Reinvention and resilience are key to the success of any business. Look no further than the implosions of Borders Books, BlockBuster, Kodak, or any of dozens of other once seemingly impregnable or too-big-to-fail companies that have tanked in the past decade, to remind us that companies that fail to notice and adjust to change – and to see opportunities to innovate – are effectively digging their own graves.
So, amid today’s accelerating technological change and the resulting hyper-connectedness, how do we recognize when our own company is vulnerable – when we’re facing our own Kodak moment? I’ve pulled together the seven major disruptive forces that have overturned and redefined the way business is done today.
The Google Effect: The separation of humans and information
The last time you Googled something, did you stop and think, “Hmmm, I wonder if these results came from a database in Oregon, Georgia or Virginia, or maybe from The Netherlands or Australia?” Of course not. Through the Google Effect, information and physical location in our personal lives have been fully virtualized and dematerialized.
So why in many organizations are the two (often very expensively) still forced to be co-located?
The Skype Effect: Free communications, death of distance
Remember yesteryear, when the physical distance of a long-distance phone call really mattered? When a call of 10 miles was significantly cheaper than a call of 1,000 miles, and an overseas call was a true luxury? Today, internet -based communication platforms have cost and usage bases that are completely disconnected to distance; speaking to someone around the world via the internet is the same as calling across the street.
So why mandate that employees travel to their knowledge work, when instead the work can go to employees?
The Facebook Effect: The virtualization of human relationships
Fundamental to Facebook’s immense popularity is that it allows you to maintain and enhance personal relationships even without regular physical presence.
The same intimacy is available to corporations, where working relationships based on capability and mutual trust no longer need to be physically proximate. So why stick to the high-maintenance, time-consuming and costly methods of the past?
The LinkedIn Effect: The virtualization of specialized knowledge
LinkedIn allows us to map our professional networks, and then to quickly locate trusted expertise. Why can’t organizations work in the same manner? The LinkedIn Effect provides a map of our personal networks; when brought to business, this capability enables the virtualization of expertise, allowing the right person to be brought to the right task at the right time.
The Amazon Effect: The virtualization of customer experience
Amazon knows you better than the manager at your corner store. Yet, when was the last time you met anybody from Amazon? This virtualization of customer intimacy is led by (but not the sole domain of) new market leaders like Amazon, Netflix and Apple. Yet it is a viable option available to all organizations.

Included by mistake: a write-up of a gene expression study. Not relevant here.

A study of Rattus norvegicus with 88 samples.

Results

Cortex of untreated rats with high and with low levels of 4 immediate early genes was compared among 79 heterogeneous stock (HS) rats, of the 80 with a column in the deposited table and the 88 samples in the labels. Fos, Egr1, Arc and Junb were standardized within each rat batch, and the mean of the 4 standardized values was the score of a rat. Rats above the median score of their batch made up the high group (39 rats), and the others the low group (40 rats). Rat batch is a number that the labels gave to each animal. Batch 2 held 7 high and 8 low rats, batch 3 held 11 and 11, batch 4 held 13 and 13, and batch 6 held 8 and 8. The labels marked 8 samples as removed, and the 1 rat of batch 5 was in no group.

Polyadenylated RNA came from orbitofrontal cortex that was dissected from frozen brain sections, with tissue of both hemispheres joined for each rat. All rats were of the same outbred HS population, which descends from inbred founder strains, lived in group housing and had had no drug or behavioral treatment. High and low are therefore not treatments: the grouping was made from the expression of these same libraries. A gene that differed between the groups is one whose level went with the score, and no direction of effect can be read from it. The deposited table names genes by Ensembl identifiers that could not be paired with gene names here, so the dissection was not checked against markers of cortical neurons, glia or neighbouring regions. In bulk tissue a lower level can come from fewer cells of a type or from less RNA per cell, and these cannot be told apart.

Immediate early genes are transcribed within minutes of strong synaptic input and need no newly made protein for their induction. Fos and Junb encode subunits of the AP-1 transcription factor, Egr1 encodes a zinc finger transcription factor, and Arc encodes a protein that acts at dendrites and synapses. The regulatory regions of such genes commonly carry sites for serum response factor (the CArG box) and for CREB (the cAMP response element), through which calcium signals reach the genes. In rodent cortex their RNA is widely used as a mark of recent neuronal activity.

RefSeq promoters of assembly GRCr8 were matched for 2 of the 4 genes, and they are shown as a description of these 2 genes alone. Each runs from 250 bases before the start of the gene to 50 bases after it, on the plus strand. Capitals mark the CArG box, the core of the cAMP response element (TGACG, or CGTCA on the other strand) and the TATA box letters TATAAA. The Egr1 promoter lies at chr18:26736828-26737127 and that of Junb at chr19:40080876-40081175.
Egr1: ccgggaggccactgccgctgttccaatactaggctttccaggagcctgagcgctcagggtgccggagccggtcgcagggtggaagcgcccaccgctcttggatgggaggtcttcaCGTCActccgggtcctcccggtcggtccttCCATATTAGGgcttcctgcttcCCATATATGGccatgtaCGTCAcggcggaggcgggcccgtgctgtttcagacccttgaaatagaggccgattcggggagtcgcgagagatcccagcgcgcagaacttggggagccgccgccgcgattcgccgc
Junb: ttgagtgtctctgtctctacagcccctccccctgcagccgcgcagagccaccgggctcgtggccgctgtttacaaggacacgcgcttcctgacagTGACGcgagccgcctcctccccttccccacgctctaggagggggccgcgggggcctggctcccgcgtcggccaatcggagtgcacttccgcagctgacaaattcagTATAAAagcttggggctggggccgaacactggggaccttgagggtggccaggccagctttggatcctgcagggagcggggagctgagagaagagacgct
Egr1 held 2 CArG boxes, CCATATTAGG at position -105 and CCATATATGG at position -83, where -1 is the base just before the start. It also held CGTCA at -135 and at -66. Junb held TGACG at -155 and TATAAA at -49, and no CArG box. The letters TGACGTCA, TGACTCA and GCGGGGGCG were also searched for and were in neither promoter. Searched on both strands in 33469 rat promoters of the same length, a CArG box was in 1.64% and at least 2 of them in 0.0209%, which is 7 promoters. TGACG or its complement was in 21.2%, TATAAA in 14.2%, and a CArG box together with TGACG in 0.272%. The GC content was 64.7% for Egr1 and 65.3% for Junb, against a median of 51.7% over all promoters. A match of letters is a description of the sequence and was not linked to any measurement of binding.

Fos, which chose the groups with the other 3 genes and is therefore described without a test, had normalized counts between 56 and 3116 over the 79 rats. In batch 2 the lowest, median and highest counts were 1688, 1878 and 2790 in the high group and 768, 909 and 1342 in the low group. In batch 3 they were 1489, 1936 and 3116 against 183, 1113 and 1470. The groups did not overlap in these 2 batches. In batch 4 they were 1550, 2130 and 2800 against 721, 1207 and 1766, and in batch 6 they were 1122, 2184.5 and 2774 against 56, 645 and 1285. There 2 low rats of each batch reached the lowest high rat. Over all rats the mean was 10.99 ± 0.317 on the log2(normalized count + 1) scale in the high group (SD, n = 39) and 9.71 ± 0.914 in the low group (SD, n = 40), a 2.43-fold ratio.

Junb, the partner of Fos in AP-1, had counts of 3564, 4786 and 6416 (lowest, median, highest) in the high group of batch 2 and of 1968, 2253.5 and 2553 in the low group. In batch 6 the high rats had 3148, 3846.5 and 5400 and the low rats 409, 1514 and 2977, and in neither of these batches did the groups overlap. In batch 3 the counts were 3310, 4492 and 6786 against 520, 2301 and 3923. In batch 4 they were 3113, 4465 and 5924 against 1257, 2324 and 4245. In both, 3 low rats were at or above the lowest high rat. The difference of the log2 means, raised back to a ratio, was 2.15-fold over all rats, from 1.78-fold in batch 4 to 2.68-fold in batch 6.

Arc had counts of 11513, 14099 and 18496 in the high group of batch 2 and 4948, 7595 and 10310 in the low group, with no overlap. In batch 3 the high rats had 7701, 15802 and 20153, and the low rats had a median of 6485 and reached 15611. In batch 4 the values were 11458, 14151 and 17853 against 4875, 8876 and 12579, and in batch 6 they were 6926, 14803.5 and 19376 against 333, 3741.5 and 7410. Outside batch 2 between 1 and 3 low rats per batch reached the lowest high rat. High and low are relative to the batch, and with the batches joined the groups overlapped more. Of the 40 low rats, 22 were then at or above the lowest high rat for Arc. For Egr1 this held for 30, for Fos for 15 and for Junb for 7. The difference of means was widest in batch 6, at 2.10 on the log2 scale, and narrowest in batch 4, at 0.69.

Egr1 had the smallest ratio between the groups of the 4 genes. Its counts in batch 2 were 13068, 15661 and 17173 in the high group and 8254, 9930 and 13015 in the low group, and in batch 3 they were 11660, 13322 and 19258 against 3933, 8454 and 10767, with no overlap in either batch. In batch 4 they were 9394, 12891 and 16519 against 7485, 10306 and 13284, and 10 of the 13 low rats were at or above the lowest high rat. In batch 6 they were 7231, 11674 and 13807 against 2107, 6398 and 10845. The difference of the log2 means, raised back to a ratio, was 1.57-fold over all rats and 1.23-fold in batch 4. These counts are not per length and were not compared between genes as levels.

The Pandora Effect: Algorithms building customized products
“How did they know that?” If you’re a Pandora customer, you’ve probably asked that question. You provide Pandora with your favorite artist, or a few songs you like, and suddenly hours of music you truly enjoy is produced. It’s not magic; it’s Pandora’s algorithm at work.
This algorithm, finely honed by reviewing massive amounts of data, creates remarkably accurate musical taste profiles. In knowing just a few things about you – the first few dots if you will – the algorithm connects the rest of the dots to create customized play lists.
From such experiences, consumers are beginning to consider all their other business relationships: “If Pandora figured this out about me so quickly, why is my bank still so clueless? After going to the same ATM for 10 years, it still asks me what language I speak!”
iPhone Effect: The experience is more valuable than the physical product
Customer value is no longer confined to the physical manifestation of a product. Instead, it’s often found in the software. This was central to the recent transition in the mobile phone industry. Ten years ago mobile phone providers competed on hardware attributes – remember the famous Nokia ringtones, or the form factor of the Motorola flip-phone? That was the basis of competition.
Today, winning iPhone and Android models differentiate on the experience delivered chiefly by software. Most of the physical attributes of a mobile phone are now commodity. The experience has usurped the widget.
These seven effects are working together to alter the competitive fundamentals of many industries. With game changers like these, the cost of adhering to an industrial business model is significantly greater than moving to something new.
Malcolm Frank is Executive Vice President of Strategy and Marketing at Cognizant Technology Solutions, a global provider of IT, consulting and business process services based in Teaneck, N.J.